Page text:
On Wednesday, I noticed I missed a call while I was in a meeting, so I checked my voicemail. It was from my 4-year-old's preschool/daycare. My daughter's class was on a field trip to the botanical center so I started to worry something bad had happened as the daycare employee identified herself in the message. I relaxed when she said she was checking in to let me know that the class had run into the Carly Fiorina presidential campaign. I thought, "Oh geez. But at least she's OK." Or so I thought.
The daycare chaperone said they were finished with their field trip itinerary and were about to leave the center when Fiorina came up and started talking to the kids. One of her team members asked if the children wanted to meet with a presidential candidate and they were swiftly escorted into a meeting room, away from the flowers my daughter was so excited to see. The daycare person ended the message with, "They're taking the kids into a meeting room. We're following. You may want to check the national news. I hope that's OK!"
By the time I received the message, I thought it was probably too late to say no, since just "meeting" a candidate shouldn't take very long. So, even though I was slightly annoyed that they weren't sticking to the itinerary, I thought she wouldn't be harmed by seeing a little bit about the political process. Man, was I wrong.
When I picked up my daughter from daycare, the owner told me how surprised she was that they met Fiorina and how chaotic it was when the kids were guided into the meeting room, with the daycare providers trailing behind. I got a funny feeling in my stomach when she described it because I thought, "Why did you allow the kids to be herded away?" But my daughter came up to me and started telling me about the purple tulips she saw, so I didn't say anything and just took her home.
It wasn't until I read articles online that night and the next morning that I realized what my daughter actually experienced. Fiorina had ushered her into an anti-abortion rally, sat her under a large poster of an unborn fetus, and talked about harvesting organs from aborted babies. Then an activist held up a scale model of a 4-month-old baby and said, as Fiorina looked on, "This is the face of abortion."
Um, what? I signed a permission slip for my daughter to see plants, not to be shown terrifying objects and images of dead babies!
I second what a fellow parent, Chris Beck, told The Guardian, "Taking them into a pro-life/abortion discussion [was] very poor taste and judgment. I would not want my 4-year-old going to that forum—he can't fully comprehend that stuff."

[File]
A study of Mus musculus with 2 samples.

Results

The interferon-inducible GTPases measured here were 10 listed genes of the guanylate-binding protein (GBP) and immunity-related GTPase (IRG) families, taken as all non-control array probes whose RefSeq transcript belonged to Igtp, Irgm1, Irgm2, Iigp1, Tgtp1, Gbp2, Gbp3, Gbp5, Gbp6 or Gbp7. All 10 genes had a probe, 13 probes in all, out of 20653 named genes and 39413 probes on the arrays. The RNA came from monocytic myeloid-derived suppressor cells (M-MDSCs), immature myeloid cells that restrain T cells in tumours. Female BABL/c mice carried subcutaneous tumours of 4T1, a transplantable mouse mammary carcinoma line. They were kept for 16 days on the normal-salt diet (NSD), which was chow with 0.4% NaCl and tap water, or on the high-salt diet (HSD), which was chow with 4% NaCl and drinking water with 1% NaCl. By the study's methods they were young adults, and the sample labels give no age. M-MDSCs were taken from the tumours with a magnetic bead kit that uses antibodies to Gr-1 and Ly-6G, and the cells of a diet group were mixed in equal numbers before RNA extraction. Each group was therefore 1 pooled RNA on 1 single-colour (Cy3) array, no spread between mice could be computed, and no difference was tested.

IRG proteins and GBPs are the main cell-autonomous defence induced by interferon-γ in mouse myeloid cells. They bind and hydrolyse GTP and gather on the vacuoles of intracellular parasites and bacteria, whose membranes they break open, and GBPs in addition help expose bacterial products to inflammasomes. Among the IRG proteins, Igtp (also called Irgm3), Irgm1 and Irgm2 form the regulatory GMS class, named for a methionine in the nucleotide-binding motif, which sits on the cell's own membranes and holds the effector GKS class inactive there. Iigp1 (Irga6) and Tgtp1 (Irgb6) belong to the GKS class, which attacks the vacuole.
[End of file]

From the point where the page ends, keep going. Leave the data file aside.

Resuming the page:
A Fiorina spokeswoman replied in an emailed statement to The Guardian: "We were happy that these children chose to come to Carly's event with their adult supervisor."
Here's the first issue: They didn't "choose" to go to her event; as in, I didn't choose for my daughter to participate, because I wouldn't. It's an adult topic that was discussed with mature images. Fiorina and her campaign had no right to just walk up to our kids and nonchalantly maneuver them into her hour-long rally. The fact she would exploit children that way shows her lack of "values."
Second issue: Why didn't one of the daycare chaperones stop it? I understand they didn't know what the meeting was about when they were all scooped up by Fiorina's campaign, but when they realized what was going on, they should have stopped it and removed the children.
Third issue: Why did the daycare workers let strangers just walk off with our kids, while they trailed behind?! The thought of my child being maneuvered elsewhere, away from the people I trusted to take care of her, is what scares me the most. The worrier in me gets nervous about the kids getting separated from the group on these trips anyway, and this didn't help!
I sent an email to the daycare owner expressing my dissatisfaction. She replied and sincerely apologized. But I have some thinking to do. Three wrongs do not make a right in this situation—far from it. I'm still sorting through my feelings regarding the daycare workers' actions. They showed poor judgment, but I know there was no malicious intent. I can't say the same for Carly Fiorina and her campaign.